A curtain hangs across the middle of the theatre, the same saffron yellow as the rest of the room: walls, carpet and doors. It splits the space in two, dividing actors and obstructing our view. Yet even when it's pulled back – curious this – it's still somehow there: an invisible line left behind; the ghost of a scar. Actors seem to stand on this side or that. It still shapes what we see. Even temporary borders change the landscape for good.
So it is in Haifa, a city occupied by Israeli forces in 1948. Most of its Palestinian population was, effectively, evicted. The homes they left behind were handed over to European Jews resettling under the Law of Return. For 20 years, the city closed its gates to those it turfed out. A temporary border; a permanent change.
Ghassan Kanafani's novella, adapted for the stage by the Beirut-born playwright Ismail Khalidi and Britain's own Naomi Wallace, imagines a Palestinian couple returning to the city they called – still call – home 20 years after they fled for their lives. As Haganah's tanks rolled into Haifa, Safiyya and Said abandoned their home with such haste that they left their infant son behind with their possessions. Their homecoming is as tinged with nostalgia as it is tainted by grief.
Returning is an uncanny experience: old streets with new names; the same city, but not. They count out the steps – eight, nine, ten – to their door, noticing a new bell and a different shade of paint on the walls. Inside, a new owner: Miriam (Marlene Sidaway), a Polish Jew, who lost her father at Auschwitz and her brother at gunpoint. Inside: their possessions, more or less as they left them. Inside: their adult son.
Kanafani's story distils the issue of Israel down to a human scale and, oof, does it draw out the tangled emotions. This is the story of a contested home, one with two rightful owners staking a claim, and of a contested son, born to Palestinian parents, raised as a Jew. Kai Ethan's Haldoon has grown up as Dov – and joined the Israeli army as an adult. It's an eloquent expression of the way history hardens: a generation with a shared sense of Israel's duality and of displacement gives way to one raised in and defined by a singular nation state.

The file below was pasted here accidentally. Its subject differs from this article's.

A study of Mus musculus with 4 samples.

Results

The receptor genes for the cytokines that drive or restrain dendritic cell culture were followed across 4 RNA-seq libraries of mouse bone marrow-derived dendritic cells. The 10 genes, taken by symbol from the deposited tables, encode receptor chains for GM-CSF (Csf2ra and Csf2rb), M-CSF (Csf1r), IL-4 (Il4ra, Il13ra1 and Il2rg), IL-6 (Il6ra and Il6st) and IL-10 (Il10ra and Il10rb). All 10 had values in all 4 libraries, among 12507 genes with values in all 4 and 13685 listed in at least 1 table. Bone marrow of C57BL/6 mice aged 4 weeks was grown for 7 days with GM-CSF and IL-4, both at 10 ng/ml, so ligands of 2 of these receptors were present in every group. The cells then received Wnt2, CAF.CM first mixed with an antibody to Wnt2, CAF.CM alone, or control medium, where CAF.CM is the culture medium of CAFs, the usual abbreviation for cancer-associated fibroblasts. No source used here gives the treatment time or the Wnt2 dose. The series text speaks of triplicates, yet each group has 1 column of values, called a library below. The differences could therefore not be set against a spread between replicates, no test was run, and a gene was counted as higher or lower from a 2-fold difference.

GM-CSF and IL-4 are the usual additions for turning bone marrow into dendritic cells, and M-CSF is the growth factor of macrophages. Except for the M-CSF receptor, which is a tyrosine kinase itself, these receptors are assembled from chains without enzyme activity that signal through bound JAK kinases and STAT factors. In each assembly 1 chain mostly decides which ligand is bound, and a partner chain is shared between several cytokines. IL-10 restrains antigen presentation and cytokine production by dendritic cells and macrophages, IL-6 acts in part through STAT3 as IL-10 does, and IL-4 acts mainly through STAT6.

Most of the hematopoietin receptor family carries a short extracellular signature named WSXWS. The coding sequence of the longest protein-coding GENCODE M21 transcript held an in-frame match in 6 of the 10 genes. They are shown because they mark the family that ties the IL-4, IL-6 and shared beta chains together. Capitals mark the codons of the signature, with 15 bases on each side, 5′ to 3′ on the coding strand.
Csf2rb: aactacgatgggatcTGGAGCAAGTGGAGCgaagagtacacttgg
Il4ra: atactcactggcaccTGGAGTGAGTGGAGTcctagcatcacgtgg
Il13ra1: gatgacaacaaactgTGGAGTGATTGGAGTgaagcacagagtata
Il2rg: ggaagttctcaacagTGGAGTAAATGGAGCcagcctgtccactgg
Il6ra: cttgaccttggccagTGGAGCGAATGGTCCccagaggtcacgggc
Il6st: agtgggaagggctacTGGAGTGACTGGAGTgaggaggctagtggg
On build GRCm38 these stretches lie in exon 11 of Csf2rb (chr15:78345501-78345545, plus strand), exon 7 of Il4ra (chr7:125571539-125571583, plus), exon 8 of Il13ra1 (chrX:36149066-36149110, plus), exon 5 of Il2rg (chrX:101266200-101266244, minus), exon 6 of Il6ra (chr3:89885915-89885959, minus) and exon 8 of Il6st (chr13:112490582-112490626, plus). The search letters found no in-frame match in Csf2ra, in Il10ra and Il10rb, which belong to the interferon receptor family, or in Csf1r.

Past and present intermingle in Khalidi and Wallace's adaptation, which refuses narrative clarity for the fuzzy, woozy quality of memory and uncertainty as it flashes back and forth in time. Leila Ayad and Ethan Kai make a sunny young couple on the cusp of catastrophe and, by casting Syrian Ammar Haj Ahmad and Belgian-Moroccan Myriam Acharki as their older selves, McLeod artfully suggests Safiyya and Said become outsiders in their own home. While more stillness would generate more of a charge, both of them summon and suppress the dizzying emotions of re-finding a home and losing a son. It's as quietly shattering as it is gently complex.
But it's Rosie Elnile's design that does most of the work – an exceptional example of thinking through space. Flooding the space with colour, as she did with The Unknown Island at the Gate, she turns place into feeling – the yellow of home. Yet, even that colour itself is contested; either the saffron the couple left behind or the mimosa they find in its place; or maybe even a mix of the two. Orange tiles embedded into the carpet suggest both an abstract floorplan and excavated ruins and, just by moving a few bits of furniture – a table, some chairs – Elnile completely reshapes the space. At a moment when borders and barriers are hardening, Returning to Haifa's a reminder that once a curtain comes down, it can't just be re-opened.